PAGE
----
As with the majority of modern hatchbacks, Peugeot's engine range comprises a selection of efficiency-orientated petrol and diesel engines.

Petrol engines range from an 81bhp, 1.2-litre three-cylinder to the usual 1.6-litre turbo with 203bhp, with interesting 108 and 128bhp 1.2-litre turbo triples making up the rest of the petrol range. Diesels include 1.6-litre units of 99 and 118bhp outputs, while the range is completed with a pair of 2.0-litre HDis - producing 148bhp and 178bhp respectively.

Nic Cackett

Nic Cackett

Road tester
The Peugeot's engine is transversely mounted and it drives the front wheels via a five or six-speed manual, or an optional six-speed automatic

Slowest is the 99bhp diesel. It's willing enough if you’re not in a particular hurry and don’t mind the considerable turbo lag when pulling out of tight bends. As it's cheaper, it may actually be preferable to the 118bhp version above it, which isn’t much of an improvement despite receiving the slicker six rather than five-speed gearbox.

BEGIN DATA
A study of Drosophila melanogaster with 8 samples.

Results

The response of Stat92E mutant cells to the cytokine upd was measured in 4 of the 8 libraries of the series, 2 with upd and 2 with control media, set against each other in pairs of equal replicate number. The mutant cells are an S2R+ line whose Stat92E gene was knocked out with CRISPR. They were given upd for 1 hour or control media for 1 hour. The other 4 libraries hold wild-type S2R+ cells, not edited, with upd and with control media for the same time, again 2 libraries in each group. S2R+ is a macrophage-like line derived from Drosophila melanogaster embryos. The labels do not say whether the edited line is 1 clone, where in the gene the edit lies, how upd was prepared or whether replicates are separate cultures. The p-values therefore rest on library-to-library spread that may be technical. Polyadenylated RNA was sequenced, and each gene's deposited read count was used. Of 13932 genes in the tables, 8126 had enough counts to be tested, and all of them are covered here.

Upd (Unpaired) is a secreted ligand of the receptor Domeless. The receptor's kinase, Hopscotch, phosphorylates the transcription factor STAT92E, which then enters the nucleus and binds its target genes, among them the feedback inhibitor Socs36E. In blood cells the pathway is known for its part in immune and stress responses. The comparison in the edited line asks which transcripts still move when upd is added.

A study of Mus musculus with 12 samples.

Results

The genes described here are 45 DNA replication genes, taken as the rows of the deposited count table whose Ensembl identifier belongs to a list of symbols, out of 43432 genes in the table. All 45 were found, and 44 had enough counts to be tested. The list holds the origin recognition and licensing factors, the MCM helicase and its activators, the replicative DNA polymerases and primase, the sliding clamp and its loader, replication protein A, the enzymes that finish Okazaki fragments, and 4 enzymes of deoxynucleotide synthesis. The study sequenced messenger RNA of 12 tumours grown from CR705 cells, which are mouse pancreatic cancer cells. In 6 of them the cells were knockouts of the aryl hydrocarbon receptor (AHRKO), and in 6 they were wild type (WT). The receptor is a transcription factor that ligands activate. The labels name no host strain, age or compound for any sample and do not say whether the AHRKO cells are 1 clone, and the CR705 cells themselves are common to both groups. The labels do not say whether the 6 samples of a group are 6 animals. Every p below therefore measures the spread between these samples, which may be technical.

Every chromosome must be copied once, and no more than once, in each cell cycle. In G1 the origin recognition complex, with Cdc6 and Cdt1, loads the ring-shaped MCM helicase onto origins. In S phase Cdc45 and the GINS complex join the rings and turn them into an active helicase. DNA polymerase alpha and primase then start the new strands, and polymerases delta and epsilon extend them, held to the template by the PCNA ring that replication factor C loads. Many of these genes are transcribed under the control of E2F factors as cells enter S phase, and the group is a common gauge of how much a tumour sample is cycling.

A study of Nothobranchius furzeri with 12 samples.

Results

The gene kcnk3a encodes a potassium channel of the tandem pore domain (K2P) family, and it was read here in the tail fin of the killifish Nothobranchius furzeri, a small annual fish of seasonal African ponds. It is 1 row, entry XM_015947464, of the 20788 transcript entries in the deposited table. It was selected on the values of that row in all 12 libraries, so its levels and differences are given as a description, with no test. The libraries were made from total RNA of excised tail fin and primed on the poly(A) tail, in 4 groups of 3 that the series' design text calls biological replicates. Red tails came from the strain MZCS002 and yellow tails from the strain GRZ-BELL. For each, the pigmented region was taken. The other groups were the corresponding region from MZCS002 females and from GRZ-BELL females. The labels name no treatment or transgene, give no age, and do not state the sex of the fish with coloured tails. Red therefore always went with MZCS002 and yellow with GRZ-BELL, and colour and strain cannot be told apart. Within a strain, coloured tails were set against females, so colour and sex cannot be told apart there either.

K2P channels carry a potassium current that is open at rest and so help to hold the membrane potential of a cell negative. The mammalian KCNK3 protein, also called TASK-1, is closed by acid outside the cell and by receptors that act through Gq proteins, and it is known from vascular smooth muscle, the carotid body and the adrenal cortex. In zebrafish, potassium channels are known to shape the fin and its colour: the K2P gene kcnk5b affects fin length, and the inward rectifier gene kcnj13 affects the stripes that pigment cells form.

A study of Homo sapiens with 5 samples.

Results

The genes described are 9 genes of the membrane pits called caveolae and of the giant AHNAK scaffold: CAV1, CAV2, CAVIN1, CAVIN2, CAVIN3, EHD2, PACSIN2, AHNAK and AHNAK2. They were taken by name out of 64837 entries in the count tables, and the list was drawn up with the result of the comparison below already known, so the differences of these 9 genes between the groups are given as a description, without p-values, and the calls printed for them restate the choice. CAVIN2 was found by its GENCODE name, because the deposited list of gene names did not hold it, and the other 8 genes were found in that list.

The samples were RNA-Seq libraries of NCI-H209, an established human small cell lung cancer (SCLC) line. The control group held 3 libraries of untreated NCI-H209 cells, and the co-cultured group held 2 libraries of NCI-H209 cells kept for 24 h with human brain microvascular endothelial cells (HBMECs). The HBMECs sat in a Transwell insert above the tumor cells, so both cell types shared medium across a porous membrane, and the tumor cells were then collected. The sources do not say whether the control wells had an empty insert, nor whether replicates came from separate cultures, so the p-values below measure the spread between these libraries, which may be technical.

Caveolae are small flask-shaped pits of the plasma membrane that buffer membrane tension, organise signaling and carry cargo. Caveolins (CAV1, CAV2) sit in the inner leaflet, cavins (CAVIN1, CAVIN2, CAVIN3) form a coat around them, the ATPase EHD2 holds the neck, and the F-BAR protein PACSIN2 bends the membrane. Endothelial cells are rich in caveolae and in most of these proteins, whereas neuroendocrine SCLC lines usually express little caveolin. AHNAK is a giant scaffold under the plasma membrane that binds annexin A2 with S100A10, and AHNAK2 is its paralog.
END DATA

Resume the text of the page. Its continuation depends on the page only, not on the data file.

Topping the 308 range is the GTi - which is powered by the same turbocharged 1.6-litre petrol engine found in the GT model and the 208 GTi, but with the wick essentially turned up so it produces a healthy 268bhp.

Gearboxes are five or six-speed manuals with a six-speed automatic coming later. It's a torque converter unit from Japan's Aisin, but the shift speed, quality and efficiency are boldly promised to mimic that of the best dual-clutchers.


The engine reacts smartly when you ask for power at low revs and summons plenty of mid-range torque and a fair amount of top-end power for overtaking. Peugeot’s six-speed gearbox saves it from pulling longer intermediate ratios and drawing out in-gear progress, and the engine – which is well isolated and quiet at idle – remains well mannered and free of harshness as it spins under load.

The car’s sprint to 60mph was dispatched in 10.1sec, while 30-70mph in fourth – our usual flexibility benchmark – took 15.1sec. An equivalent Focus is more than half a second slower in the former respect, and a like-for-like Skoda Octavia is over four seconds slower in the latter.

Peugeot’s Dynamic Cruise Control is, however, worth mentioning. It's standard on Active models and we like the way it lets you save and select quick-reference speeds via the central touchscreen. But that’s about all we like.

The radar transceiver quickly falters in bad conditions, and without being able to actuate the brakes, the system simply drops out too often on an averagely busy motorway, even when set to maintain the longest possible gap to the car ahead.